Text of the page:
There’s something a bit stinky about Renew, ‘the UK’s most credible new political party’ according to press release that heralded the party’s launch earlier this week.
It’s not surprising that another new party has emerged. In the febrile atmosphere of Brexit, now is a healthy time for new parties – 50-odd were created last year and more than 20 have emerged this year before we’ve even left February.
What is odd that anybody cares.
Beyond a press conference, a functional website and a vague centrist ethos, it’s unclear what Renew has that many of the other small outfits don’t. From the outside, it is bizarre that a party led by an accountant, a start-up consultant, a comms advisor and a fintech executive with limited experience in politics has gained any traction.
From its website the party has 19 declared candidates. According to the Core interview with principal James Clarke, it is crowdfunded, and has a few larger donors. Given that it is deliberately drawing candidates who have never been in politics before – much as French president Emmanuel Macron did before he was elected – it presumably has few local roots in any of the constituencies it will fight for.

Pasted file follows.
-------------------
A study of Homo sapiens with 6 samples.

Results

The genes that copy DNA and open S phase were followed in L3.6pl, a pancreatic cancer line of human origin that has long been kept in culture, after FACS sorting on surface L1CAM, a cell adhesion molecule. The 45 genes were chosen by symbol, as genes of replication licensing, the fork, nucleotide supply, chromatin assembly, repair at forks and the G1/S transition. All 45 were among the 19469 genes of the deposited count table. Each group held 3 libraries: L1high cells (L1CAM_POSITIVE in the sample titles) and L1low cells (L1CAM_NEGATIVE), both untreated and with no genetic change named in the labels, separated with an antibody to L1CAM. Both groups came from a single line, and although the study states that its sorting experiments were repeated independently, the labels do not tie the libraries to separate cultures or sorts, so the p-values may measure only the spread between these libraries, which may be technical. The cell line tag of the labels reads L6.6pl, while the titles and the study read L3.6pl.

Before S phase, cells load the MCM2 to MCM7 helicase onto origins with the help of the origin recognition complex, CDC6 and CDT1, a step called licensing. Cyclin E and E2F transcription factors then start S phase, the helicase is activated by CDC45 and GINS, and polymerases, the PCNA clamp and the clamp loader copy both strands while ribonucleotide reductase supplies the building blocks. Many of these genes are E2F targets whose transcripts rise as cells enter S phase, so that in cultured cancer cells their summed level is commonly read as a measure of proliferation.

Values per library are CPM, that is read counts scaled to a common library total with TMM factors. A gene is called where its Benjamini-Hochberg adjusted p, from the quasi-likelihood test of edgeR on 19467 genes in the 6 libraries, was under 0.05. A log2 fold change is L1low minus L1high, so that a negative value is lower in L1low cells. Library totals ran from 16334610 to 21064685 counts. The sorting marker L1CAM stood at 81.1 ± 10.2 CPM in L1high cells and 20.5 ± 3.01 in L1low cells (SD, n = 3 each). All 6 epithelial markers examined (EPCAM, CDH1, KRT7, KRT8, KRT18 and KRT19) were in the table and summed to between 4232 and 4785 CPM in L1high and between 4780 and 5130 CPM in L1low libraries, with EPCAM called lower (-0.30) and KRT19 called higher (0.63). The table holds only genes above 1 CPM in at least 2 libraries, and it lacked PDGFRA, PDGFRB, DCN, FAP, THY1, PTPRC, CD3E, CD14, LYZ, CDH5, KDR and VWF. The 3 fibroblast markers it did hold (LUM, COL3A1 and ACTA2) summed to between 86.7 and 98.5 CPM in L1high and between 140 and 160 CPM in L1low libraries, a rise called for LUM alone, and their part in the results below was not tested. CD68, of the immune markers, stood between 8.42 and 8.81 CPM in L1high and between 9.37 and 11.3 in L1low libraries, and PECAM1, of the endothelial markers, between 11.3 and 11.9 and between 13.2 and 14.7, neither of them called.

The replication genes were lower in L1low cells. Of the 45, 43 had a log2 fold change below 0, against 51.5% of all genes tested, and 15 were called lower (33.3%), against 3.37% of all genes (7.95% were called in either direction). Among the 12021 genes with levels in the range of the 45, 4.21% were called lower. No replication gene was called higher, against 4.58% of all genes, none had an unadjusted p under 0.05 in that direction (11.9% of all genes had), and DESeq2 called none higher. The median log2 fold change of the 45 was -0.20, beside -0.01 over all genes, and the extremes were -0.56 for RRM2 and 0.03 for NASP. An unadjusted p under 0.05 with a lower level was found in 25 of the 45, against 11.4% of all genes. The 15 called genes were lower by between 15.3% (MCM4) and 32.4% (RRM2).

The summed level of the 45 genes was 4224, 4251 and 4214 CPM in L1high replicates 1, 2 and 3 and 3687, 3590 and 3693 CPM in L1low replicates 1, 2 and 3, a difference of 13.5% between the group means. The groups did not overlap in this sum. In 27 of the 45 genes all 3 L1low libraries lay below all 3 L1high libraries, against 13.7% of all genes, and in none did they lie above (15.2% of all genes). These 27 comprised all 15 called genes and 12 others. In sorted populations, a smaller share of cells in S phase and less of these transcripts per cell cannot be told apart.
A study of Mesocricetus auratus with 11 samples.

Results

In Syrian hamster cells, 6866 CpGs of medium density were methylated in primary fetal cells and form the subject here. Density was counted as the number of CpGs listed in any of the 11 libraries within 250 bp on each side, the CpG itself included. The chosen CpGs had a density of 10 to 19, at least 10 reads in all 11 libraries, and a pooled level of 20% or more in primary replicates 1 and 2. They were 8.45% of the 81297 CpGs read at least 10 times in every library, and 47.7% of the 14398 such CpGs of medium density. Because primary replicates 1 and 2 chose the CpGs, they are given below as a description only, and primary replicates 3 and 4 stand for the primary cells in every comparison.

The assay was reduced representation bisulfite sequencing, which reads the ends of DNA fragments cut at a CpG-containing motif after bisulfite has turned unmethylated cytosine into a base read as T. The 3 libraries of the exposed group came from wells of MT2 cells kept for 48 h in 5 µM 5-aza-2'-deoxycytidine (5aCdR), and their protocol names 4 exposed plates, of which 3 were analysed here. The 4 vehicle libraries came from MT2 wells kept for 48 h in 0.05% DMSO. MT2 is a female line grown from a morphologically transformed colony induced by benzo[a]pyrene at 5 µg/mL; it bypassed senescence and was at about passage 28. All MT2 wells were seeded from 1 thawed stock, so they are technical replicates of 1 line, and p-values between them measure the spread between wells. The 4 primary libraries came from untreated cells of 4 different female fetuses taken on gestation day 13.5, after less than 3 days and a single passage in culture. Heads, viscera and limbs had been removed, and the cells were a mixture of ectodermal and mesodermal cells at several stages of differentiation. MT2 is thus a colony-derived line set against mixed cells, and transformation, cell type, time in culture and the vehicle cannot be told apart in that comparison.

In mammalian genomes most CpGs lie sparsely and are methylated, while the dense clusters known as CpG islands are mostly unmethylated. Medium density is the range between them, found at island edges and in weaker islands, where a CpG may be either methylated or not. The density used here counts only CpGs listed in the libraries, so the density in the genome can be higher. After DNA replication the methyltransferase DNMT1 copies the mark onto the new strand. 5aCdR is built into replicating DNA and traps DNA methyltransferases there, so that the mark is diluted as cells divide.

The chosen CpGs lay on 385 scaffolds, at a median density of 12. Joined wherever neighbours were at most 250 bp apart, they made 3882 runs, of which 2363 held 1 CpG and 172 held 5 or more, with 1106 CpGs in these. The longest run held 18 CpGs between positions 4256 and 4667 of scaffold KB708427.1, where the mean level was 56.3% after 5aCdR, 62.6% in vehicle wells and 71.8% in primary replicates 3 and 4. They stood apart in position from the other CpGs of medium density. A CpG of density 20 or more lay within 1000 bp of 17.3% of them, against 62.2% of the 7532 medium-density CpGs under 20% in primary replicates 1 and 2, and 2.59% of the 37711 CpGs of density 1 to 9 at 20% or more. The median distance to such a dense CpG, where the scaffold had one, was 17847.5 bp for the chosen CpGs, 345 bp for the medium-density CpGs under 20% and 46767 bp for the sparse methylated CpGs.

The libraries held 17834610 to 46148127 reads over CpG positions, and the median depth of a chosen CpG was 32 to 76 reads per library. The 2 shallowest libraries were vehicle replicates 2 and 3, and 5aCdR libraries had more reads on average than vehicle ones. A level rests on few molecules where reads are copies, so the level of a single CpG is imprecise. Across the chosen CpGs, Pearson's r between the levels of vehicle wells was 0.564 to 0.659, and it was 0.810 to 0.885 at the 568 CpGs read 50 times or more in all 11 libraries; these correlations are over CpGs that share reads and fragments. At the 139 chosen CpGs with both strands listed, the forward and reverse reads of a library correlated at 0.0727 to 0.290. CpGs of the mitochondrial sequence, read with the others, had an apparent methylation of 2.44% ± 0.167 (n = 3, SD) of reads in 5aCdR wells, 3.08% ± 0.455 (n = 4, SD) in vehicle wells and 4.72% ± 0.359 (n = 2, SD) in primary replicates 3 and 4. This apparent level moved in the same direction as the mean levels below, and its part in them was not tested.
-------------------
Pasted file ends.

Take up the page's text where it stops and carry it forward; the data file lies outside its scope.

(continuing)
Equally, many of the arguments are remoaner boilerplate. None of the spokespeople can countenance that the EU is an unloved institution in Britain, with all attributing the leave vote to inequality, or anger at the financial crash, or anything but the idea that the British do not want to be governed from Brussels. Nor do they have a convincing argument for why the referendum should be ignored.
What gives? The only reason I can think of is that they have connections in the media that allowed them to wrangle some early coverage. And while it’s possible it could take off, there’s no reason to think it will.